Embattled Schlecker awaits a saviour
Despite closing 2,300 stores and pruning staff numbers by 11,000 to around 13,500 since the opening of insolvency proceedings on March 28, Schlecker is in the red again. The already dire situation has been exacerbated by the stopping of compensation for bankruptcy since this date.
Our newspaper estimates that a lower two-digit million euro loss has accrued over the last six weeks, although the exact figure has not been confirmed by Schlecker's insolvency administrator Arndt Geiwitz. Up to March, the family-run company owed €300m in outstanding payments to suppliers alone.
After the emirate of Qatar, whose royal family owns a 25 per cent stake in UK food multiple J.Sainsbury, quit the bidding table on Wednesday, Geiwitz claims that "intensive" negotiations are being held with two potential investors.
Nicolas Berggruen everywhere
As Lebensmittel Zeitung revealed three weeks ago, these include New York-based investor Cerberus. On Friday, Nicolas Berggruen, the billionaire knight in shining armour who rushed in, somewhat quixotically, two years ago to save insolvent German department store operator Karstadt, has confirmed his interest.
Apparently Berggruen (51), whom the German media delight in portraying as a wolf in sheep’s clothing, only emerged from the woodwork two weeks ago. He is said to be offering €100m to €150m and to have presented Euler Hermes, Schlecker’s principal creditor, with a business plan. All parties have refused to comment the details.
Berggruen’s proposal was doubtless discussed when Schlecker’s three largest creditors met in Ulm on May 25. However, a final decision on whether, or not, to wind Schlecker down has been postponed until June 1.
Should Berggruen clinch the deal, this will confirm his reputation as a romantic lover of (nearly) lost causes. Opinions vary as to his ultimate motives. Berggruen Holdings has, for instance, considerable competence in real estate. The man himself is certainly hard for the relentlessly logical German mind to interpret.
Those who claim to know him portray this shy and quietly-spoken man as an idealist who has also considered turning Karstadt into a foundation and presenting it as a gift to the German people. If so, his gesture would follow in similar footsteps to those of his German-Jewish émigré father Heinz Berggruen (cf. separate blog post).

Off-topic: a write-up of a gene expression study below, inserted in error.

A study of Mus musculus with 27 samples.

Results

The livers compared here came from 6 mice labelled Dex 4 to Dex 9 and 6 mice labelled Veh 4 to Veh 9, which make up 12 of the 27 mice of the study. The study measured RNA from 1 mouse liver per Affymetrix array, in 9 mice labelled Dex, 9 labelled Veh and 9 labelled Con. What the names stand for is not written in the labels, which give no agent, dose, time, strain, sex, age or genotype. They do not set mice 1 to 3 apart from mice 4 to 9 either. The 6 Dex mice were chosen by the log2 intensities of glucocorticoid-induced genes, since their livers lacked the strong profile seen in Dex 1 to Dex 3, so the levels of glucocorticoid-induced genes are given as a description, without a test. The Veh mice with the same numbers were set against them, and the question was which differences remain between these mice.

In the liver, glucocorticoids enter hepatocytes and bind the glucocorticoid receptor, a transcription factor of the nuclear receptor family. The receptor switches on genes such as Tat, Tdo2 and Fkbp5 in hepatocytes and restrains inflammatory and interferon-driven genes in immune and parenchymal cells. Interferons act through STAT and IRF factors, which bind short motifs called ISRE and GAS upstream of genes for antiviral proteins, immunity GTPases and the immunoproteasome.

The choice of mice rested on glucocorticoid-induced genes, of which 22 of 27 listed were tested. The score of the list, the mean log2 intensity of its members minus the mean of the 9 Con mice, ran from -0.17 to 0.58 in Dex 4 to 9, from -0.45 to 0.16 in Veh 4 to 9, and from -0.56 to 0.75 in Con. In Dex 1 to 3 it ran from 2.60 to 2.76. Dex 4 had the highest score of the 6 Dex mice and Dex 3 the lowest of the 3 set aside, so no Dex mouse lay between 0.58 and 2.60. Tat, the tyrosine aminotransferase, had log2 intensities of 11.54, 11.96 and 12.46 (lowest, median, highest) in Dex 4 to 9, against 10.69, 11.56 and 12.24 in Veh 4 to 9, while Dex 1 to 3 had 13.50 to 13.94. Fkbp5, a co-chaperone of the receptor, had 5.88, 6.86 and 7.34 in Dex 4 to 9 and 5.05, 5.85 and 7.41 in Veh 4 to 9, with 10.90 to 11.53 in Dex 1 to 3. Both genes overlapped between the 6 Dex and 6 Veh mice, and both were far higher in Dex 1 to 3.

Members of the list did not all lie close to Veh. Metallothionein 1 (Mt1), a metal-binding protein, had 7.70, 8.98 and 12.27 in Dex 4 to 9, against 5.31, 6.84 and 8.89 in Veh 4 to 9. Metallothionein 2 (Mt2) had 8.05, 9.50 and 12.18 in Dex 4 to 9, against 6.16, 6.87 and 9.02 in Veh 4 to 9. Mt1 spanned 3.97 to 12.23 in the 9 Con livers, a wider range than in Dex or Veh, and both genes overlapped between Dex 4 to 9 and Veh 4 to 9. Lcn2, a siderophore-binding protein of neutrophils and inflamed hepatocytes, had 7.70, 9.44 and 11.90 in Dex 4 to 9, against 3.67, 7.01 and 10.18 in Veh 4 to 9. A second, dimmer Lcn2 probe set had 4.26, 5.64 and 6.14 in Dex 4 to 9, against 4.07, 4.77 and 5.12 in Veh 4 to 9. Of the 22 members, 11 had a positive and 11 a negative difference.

Last year, Berggruen agreed to an exclusive interview with Lebensmittel Zeitung together with freshly-baked Karstadt chairman Alain Caparros, the volatile CEO of Rewe Group. Days before the meeting, Caparros threw in the towel at Karstadt suggesting a lack of information on which to base strategic decisions at board level. Our subsequent emails and telephone calls to Mr. Berggruen requesting an alternative date have not been answered.
However, the dice may fall for Schlecker, insolvency administrator Arndt Geiwitz says that all talks with would-be investors have been burdened by 4,000 legal actions filed by or on behalf of staff who refuse to accept severance pay and who are suing for dismissal protection. These recalcitrant individuals have caused “extremely difficult problems” and are “scaring” investors away.
It is at least doubtful that staff who want to continue working for their company are the only scare factor. Until Berggruen’s surprise appearance on the scene as deus ex machina in spe, local financial circles considered it unlikely that Geiwitz would get anything for Schlecker in Germany.
After all, the urgent modernisation of the store base will cost an estimated €100m – small wonder that Schlecker’s competitors were already licking their lips for cherry-picking season.
Carving the roast
At least some progress has been made regarding Schlecker’s wide empire in Europe. Its Czech subsidiary was sold to local multiple PKS in March, and the sale of Schlecker France is said to be near completion. There are also ongoing negotiations in Spain and Austria.
Schlecker’s more upmarket German subsidiary “Ihr Platz” remains the object of separate insolvency proceedings supervised by Geiwitz’s partner Werner Schneider. Our newspaper considers it likely that a sale to Munich-based investment company Dubag could be affected within the next few days.
Perhaps all could end well for Schlecker in Germany, if only those 4,000 wicked workers didn’t want to keep their monotonous, lowly-paid jobs. Life would then be so much easier for corporate lawyers, international financiers and insolvency administrators. Sigh!